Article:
11.22.2012

EXCLUSIVE INTERVIEW WITH ITALIAN DESIGNER LUCIO VANOTTI

If you've been following the prestigious Who is On Next? Uomo competition, then, I'm certain you've come across the name Lucio Vanotti. This scouting project of the Pitti Immagine Uomo, Altaroma and L'Uomo Vogue aims to discover new talents in men's fashion. This annual competition is open to Italians or designers based in Italy. Past winners include Trussardi's Umit Benan and Andrea Pompilio. Anyway, Vanotti was among this year's talented finalists. He's been in the industry for awhile now and I'm glad that he's finally getting the recognition he truly deserves. Vanotti's modern and minimalistic unisex creations vividly epitomize the Van de Rohe tagline - "Less is more". Everyone knows that both my Mom and I swear by that mantra as well. So it is indeed a pleasure to share to my readers this exclusive interview with one of Italy's rising menswear designers. (Yes, you heard him first HERE!)
1. Can you describe your latest collection entitled "Sleepwalker"? What was the idea behind it?
For me, the central cerebral idea is to develop a collection that can float between public and private sphere, a form of stasis between sleeping and waking. Furthermore, dressing according to a basic uniform is an important part of my thought process. Finally, the sleek softness merged with the idea of productive laziness inside one's own house inspired me (to do this collection).
2. Do you happen to sleepwalk yourself, Lucio?
Actually, I am not prone to doing so in real life, but at times I feel like a sleepwalker during the day.
3. What are the primary pieces from this collection?
Key pieces include the more loose-fitting, gentle pieces. If I had to choose one, it would be the constructed pajama trousers.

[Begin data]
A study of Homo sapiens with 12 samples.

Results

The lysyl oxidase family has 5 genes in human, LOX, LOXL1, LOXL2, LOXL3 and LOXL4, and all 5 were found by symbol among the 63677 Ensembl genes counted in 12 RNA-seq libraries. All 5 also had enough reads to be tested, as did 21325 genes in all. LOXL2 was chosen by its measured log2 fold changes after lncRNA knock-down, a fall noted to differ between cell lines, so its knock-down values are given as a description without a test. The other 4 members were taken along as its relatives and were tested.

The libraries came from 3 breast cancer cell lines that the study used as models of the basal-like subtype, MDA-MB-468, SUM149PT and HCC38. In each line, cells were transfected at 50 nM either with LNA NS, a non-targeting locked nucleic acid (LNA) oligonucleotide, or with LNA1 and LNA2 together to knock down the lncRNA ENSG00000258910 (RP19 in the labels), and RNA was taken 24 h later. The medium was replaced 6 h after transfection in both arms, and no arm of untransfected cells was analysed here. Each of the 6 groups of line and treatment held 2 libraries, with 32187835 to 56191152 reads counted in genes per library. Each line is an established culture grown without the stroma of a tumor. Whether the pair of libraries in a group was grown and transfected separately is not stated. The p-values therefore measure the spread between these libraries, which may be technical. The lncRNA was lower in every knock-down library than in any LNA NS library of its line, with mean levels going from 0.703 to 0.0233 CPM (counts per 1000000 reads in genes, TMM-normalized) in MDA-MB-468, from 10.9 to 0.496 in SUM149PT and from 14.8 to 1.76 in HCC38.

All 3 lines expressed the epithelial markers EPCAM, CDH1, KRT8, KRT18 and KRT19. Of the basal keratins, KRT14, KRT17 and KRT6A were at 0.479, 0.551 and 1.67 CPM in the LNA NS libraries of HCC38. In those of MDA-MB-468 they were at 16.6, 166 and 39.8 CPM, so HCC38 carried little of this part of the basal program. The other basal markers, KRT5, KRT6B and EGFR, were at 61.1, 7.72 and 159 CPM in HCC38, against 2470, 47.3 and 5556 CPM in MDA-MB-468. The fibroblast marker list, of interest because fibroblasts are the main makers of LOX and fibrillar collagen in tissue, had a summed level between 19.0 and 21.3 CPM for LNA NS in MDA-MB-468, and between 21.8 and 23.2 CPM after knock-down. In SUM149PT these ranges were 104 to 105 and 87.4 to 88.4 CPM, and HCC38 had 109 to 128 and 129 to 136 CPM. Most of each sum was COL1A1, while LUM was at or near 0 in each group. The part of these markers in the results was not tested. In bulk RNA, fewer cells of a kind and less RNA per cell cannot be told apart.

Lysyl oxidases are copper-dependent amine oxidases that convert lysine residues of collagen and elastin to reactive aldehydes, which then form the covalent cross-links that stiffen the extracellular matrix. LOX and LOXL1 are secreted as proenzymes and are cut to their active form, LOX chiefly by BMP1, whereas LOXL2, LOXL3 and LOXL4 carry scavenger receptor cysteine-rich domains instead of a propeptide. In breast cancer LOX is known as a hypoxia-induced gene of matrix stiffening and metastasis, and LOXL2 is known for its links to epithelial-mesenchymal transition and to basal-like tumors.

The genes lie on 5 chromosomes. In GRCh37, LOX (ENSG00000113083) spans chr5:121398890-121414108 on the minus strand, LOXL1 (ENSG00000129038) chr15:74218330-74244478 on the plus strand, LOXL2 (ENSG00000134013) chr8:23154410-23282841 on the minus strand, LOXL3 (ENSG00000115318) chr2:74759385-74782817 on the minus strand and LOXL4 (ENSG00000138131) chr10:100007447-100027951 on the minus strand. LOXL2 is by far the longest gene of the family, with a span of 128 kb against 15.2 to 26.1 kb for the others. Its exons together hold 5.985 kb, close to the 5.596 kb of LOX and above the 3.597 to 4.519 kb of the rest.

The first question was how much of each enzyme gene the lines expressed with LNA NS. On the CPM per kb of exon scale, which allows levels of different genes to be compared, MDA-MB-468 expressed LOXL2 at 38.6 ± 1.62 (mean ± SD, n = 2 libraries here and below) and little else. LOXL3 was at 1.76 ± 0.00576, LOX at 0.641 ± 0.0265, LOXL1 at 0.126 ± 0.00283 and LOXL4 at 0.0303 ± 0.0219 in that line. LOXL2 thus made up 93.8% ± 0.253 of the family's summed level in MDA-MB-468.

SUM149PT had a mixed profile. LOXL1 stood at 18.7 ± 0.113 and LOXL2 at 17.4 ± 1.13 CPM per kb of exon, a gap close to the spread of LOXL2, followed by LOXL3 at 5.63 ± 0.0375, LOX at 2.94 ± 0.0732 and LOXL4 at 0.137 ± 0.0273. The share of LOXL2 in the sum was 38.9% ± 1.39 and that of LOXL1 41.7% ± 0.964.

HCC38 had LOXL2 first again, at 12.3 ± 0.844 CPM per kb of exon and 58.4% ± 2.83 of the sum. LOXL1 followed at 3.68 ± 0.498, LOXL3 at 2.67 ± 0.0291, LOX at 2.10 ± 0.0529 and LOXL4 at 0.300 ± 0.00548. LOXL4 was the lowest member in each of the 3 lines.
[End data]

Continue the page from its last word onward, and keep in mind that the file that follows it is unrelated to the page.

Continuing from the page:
4. What is the general aesthetic of your brand?
I would define my work along the following words: Purism, concision, intimacy and concreteness.
5. Italy is known for its rich history and culture. Whenever you need inspiration where do you usually go?
Indeed, we Italians are lucky to have all this splendid culture that surrounds us. Personally, I love architecture. Milan, where we are based, happens to be full of fascinating buildings that trigger a rational and aesthetic response. There are plenty of things for me to see, guided by my instinctive urge to always look and explore.
6. There are several celebrated Italian couturiers. Which ones do you look up to?
Personally, I admire Giorgio Armani for his pure aesthetic. His work is essentially Italian. Also, he created a universe filled with consistency. And his success in the field can definitely be attributed for his outstanding managerial capacities.
7. If there's one thing you can change in the fashion industry now what would it be?
For me, it would be about time and the concept of it. If I could change one thing, I would like to design in an era freed from pre-set times for collection conceptions. It would be a natural time evolution like music or art.
8. I've recently read an article about your stand on mass production. You stated that "we should consume less but better". Do you mind elaborating this?
For me, it is important to consume rationally. I think we should return to give a certain dignity to the end-product. I have always found it rather wasteful and useless to produce goods that are not needed, which then end up in sales or outlet. It is a form of unnecessary societal and environmental pollution.
9. If you didn't end up working in the fashion industry where would you be?
I would like to be an interior designer of holiday cottages.
10. If you can pick a female and male muse for your newest collection who would it be and why?
Personally, I am at times inspired by particular persons, but have always felt more drawn to places, situations where people live, for example for this collection I imagined dressing individuals who live in the Villa Malaparte in Capri.
Big thanks to Marlo Saalmink and Lucio Vanotti for making this exclusive interview possible. It's always a pleasure featuring talented designers! I'm absolutely certain we'll be seeing this Italian designer for a long time!